What is it within us that crave something else? Why do we look out for a new thing before ever considering what we have already within? I think about Oprah with all her mansions for one person and wonder will the next house be the one that really settles her soul? Is it so scary to be still and want what I possess already? What more do we really need? What are we really feeding when we eat without hunger? What about this face and body that is aging, can I embrace where I am or will I spend the second half of my life lamenting the loss of the first? Will the thing I want cure the restlessness? In a strong pinch where I wiggle and squirm to be free what would it take to be calm, have patience, and find contentment? It takes a supernatural faith in God and a belief that all good gifts come from above at the right time in the right way. “Be still and know that I am God.” He has already given me gifts, why am I looking for the one I don’t have?
I consider this new day that will unfold the moment school children descend the stairs and I wonder how I will use the gifts given to me. I could do some escape maneuvers, seek greener grass, and avoid all the potential problems, or I could face them head on and make a real difference somehow, somewhere. What if each day I embrace what I have rather than list what it is I want?
Sometimes we act like more money will make all our problems go away. I tend to think more money makes bigger problems and having that gorgeous house, the second house, the fast car, the pretty jewelry, youth, a svelte body, or fancy vacations doesn’t satisfy, it only opens the way to see what more there is to want. Some of the most miserable people I know have enough money to buy themselves out of their problems, and if it worked they would, but the truth is it doesn’t work.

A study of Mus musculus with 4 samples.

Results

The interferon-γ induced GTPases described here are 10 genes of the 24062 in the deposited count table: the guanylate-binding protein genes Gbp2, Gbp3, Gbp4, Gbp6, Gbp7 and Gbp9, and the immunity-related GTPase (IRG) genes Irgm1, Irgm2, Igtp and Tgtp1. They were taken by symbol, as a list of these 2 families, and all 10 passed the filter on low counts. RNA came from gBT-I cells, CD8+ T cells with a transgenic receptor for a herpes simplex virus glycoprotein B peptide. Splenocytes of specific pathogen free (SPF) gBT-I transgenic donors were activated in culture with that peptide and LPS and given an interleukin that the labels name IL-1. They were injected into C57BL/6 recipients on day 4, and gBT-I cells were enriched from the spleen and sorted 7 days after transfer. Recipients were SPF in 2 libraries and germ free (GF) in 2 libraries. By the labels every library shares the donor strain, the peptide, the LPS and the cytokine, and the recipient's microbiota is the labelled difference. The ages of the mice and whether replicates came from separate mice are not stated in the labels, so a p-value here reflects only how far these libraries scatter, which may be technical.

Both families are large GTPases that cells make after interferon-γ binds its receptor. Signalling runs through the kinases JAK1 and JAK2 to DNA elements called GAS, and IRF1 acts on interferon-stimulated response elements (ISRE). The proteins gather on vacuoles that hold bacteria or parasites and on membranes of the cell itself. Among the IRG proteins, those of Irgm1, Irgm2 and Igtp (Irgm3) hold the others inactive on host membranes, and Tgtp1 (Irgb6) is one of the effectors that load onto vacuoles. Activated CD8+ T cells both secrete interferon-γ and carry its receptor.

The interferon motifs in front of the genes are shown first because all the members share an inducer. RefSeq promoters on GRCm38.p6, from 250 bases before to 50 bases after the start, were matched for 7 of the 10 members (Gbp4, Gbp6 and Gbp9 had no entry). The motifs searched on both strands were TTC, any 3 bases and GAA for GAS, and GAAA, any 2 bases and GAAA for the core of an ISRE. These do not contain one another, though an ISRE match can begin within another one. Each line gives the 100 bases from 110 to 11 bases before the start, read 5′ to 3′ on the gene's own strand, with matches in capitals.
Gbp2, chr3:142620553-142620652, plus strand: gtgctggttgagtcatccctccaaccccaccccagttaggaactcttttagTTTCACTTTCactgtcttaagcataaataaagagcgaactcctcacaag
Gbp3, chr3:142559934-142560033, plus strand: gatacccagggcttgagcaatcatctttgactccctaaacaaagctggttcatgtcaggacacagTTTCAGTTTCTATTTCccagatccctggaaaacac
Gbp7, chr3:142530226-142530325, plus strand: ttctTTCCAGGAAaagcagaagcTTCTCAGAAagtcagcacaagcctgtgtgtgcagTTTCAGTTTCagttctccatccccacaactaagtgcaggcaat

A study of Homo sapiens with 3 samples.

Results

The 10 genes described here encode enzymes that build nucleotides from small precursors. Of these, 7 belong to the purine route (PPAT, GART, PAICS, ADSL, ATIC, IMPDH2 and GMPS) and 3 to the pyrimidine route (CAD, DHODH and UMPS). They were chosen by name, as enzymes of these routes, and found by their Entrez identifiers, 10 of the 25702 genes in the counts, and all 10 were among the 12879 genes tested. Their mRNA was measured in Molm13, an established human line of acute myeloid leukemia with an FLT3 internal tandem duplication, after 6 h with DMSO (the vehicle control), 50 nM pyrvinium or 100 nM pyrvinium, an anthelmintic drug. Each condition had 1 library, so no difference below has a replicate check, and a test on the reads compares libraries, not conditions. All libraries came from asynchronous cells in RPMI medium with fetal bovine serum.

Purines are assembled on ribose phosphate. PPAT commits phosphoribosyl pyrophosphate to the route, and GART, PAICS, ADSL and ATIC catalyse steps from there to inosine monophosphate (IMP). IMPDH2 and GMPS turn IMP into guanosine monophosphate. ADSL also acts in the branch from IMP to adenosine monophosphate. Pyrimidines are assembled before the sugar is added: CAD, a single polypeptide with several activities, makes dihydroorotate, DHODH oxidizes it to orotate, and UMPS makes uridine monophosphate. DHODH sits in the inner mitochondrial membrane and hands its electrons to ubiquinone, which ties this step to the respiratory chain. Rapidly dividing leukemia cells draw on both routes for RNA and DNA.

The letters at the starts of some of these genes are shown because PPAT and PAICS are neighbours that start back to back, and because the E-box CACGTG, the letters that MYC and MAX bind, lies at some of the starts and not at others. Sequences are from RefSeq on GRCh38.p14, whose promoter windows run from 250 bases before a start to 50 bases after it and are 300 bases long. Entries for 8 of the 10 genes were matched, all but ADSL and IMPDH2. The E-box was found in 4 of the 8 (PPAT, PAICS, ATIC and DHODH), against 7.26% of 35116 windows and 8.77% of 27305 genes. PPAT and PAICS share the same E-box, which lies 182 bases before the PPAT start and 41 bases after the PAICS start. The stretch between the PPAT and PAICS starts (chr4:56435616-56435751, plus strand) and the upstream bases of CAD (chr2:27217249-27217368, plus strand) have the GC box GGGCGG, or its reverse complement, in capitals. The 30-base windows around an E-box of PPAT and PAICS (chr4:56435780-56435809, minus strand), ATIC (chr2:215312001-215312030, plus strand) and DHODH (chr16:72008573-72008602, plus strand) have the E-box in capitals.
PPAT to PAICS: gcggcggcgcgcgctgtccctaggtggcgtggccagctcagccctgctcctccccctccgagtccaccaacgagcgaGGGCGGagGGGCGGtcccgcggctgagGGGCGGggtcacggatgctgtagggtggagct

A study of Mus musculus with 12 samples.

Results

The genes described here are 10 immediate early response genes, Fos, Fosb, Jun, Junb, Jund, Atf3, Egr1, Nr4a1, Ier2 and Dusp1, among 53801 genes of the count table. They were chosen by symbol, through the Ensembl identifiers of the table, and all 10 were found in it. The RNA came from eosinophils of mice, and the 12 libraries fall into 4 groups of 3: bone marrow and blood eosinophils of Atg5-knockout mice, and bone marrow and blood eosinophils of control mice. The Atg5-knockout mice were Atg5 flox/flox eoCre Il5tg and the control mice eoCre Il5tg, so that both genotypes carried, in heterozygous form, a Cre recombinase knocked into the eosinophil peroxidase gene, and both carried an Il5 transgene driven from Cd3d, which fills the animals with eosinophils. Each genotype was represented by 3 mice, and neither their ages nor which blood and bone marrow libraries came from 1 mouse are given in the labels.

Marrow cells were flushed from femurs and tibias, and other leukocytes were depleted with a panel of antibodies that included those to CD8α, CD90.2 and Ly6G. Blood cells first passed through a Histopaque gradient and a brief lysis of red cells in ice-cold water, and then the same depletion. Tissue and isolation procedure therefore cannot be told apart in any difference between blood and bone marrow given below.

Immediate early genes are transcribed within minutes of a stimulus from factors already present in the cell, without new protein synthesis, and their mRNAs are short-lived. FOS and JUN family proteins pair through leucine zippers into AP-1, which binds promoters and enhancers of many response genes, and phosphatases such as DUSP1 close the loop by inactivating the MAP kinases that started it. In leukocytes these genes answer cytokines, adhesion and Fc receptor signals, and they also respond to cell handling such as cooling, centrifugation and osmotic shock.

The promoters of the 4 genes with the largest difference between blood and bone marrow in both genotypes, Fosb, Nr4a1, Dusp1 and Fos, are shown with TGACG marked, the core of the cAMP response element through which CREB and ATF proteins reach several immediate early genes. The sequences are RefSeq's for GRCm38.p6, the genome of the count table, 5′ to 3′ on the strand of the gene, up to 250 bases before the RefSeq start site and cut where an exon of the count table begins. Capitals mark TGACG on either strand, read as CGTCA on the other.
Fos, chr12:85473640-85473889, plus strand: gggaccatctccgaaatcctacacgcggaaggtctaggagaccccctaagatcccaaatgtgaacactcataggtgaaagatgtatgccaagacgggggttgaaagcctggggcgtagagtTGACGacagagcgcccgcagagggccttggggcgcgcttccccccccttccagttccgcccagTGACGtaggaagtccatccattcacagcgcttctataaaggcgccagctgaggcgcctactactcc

Jack, the first sleepy head to appear, is searching through the fridge, “mom can you buy some more pears?” There are apples, raspberries, blueberries and grapes there. Instinctively he wants something else and isn’t willing to consider what is there now. Oivey.
I’m thinking about the children I know in Uganda who have nothing, really nothing. No parents, no food, no shoes, no school. Why is it they can still play and smile? Their faith in God is rock solid, and they are waiting for Him to move on their behalf. Meanwhile, they will use banana leaves and create a soccer ball so they can play a game.
I’m wondering about our tendencies to desire what we don’t have. I’m going to check myself today and see how many times I want something else, when I have so much here already. I’m putting contentment in a Petri dish and hope it grows. I can only imagine if I can get a handle on contentment and model it for the children what an impact it could have on the generations to come after me. One thing I do know: the children will do what I do, not what I say, and if I do ten things right they will get a cramp on the three I did wrong. Parenting is not for the weak.